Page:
The Coca-Cola Company (KO), which is the world's largest nonalcoholic beverage company, reported third quarter 2011 earnings on Tuesday. Here are some of the highlights from the press release and the conference call:
Third quarter reported net revenue were $12.2 billion, up 45%, a significant portion of which is attributable to the acquisition of Coca-Cola Enterprises’ (CCE) former North America operations in the fourth quarter of 2010 (as will be seen in the regional breakdown).
In Eurasia & Africa, unit case volume was up 6%, with net operating revenues 15% higher; operating income was up 20%, with 3% of that increase due to currency tailwinds. The region was led by strong results in India (19% increase in volume, marking the country’s 21st consecutive quarter of growth) and the Middle East &North Africa (9% increase in volume).
In Europe, unit case volume was flat, with net operating revenues 5% higher (2% decline in concentrate sales, offset by a 6% currency benefit and 1% of price/mix); operating income was up 9%, with 6% of that increase due to currency tailwinds.
As mentioned above, North America is skewed by the acquisition of CCE’s North American operations in Q4 2010; while unit case volume was up 5% (6% sparkling, 4% stills), net operating revenues were up 148%. Operating income was up 23%, and 56% on a comparable currency basis. As many know, CSD’s have declined in the United States every year since 2004, leaving many to question the region’s growth prospects; here is CEO Muhtar Kent’s response: “We [Coca-Cola] are growing and we will continue to grow. We never said they we're going to grow at rates of China or India. We said that we'll generate moderate growth rates in America and that we will continue to improve our business and generate higher revenue than our volume and generate higher income than our revenue. So volume, moderate volume, better than the volume revenues, and better than [the] revenue income. That's our model, and we believe that, that model will work.”
In Latin America, unit case volume was up 7% (8% in Mexico for the quarter, 10% YTD), with net operating revenues 17% higher; operating income was up 25%, with 6% of that total due to currency tailwinds.
In the Pacific region, unit case volume was up 5% (11% in China), with net operating revenues 8% higher; operating income was up 4%, and down 5% in constant currency terms.
Worldwide, volume was up 5% in the quarter and 6% year to date, driven by a mix of 4% sparkling growth in the quarter (5% YTD) and 9% still beverage growth (same YTD increase). Excluding the benefit of cross licensing brands, particularly Dr. Pepper brands in North America, volume growth was 4% in the quarter and 5% YTD.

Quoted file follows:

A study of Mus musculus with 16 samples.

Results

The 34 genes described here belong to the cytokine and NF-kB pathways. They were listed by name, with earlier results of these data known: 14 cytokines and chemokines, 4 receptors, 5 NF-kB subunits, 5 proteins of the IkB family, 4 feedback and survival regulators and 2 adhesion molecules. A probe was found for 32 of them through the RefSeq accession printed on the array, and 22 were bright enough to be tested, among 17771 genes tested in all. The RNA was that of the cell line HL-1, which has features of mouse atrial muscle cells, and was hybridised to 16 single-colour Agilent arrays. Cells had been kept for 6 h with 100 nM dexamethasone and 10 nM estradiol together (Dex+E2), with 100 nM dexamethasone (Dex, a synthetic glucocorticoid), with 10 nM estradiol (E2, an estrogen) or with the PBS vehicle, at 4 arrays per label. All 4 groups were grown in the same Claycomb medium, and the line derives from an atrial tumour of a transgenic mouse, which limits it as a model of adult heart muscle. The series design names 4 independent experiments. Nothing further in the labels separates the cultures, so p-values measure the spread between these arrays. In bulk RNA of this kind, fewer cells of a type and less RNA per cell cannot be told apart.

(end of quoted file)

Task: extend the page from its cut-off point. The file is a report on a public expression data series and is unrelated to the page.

As Mr. Kent pointed out in the prepared remarks, the Coca-Cola Company is continuing to grow despite their current size:
“In Q3 of 2011, we generated almost 250 million unit cases of incremental growth, excluding cross-license and acquired brands, with nearly 50% of this growth coming from sparkling beverages. Just to give you a perspective, this 250 million unit cases of organic volume growth translates into over $1.7 billion of retail value growth, all in 90 days. For the first 9 months of this year, our organic volume growth was over 820 million unit cases, equivalent to creating another India and Russia combined.”
Third quarter reported EPS was $0.95, an increase of 8% from reported EPS in Q3 2010; comparable EPS, which includes a slew of restructuring charges for both 2010 and 2011, came in at $1.03, up 12% in the quarter (10% YTD) and ahead of the company’s long-term growth target.
Year to date, Coca-Cola has repurchased $2.2 billion worth of common stock, in addition to their recently paid $0.47 dividend (the company has paid a dividend every year since 1920 and has increased for annually for almost half a century). For the year, they are planning to increase the share repurchase program, with a plan to purchase $2.5-$3.0 billion in net shares by year end.
The stock was down slightly at the close, and currently trades for $66.74 per share.
About the author:I'm a value investor, with a focus on patience; I look to buy great companies that are suffering from short term issues, and hope to load up when these opportunities present themselves. As this would suggest, I run a fairly concentrated portfolio by most standards, usually with 8-10 names; from the perspective of a businessman rather than a market participant / stock trader, I believe this is more than sufficient diversification.
I hope to own a collection of great businesses; to ever sell one, I would demand a substantial premium to the average market valuation due to what I believe are the understated benefits to the long term investor of superior fundamentals and time on intrinsic value. I don't have a target when I purchase a stock; my goal is to replicate the underlying returns of the business in question - which if I've done my job properly, should be very attractive over a period of many years.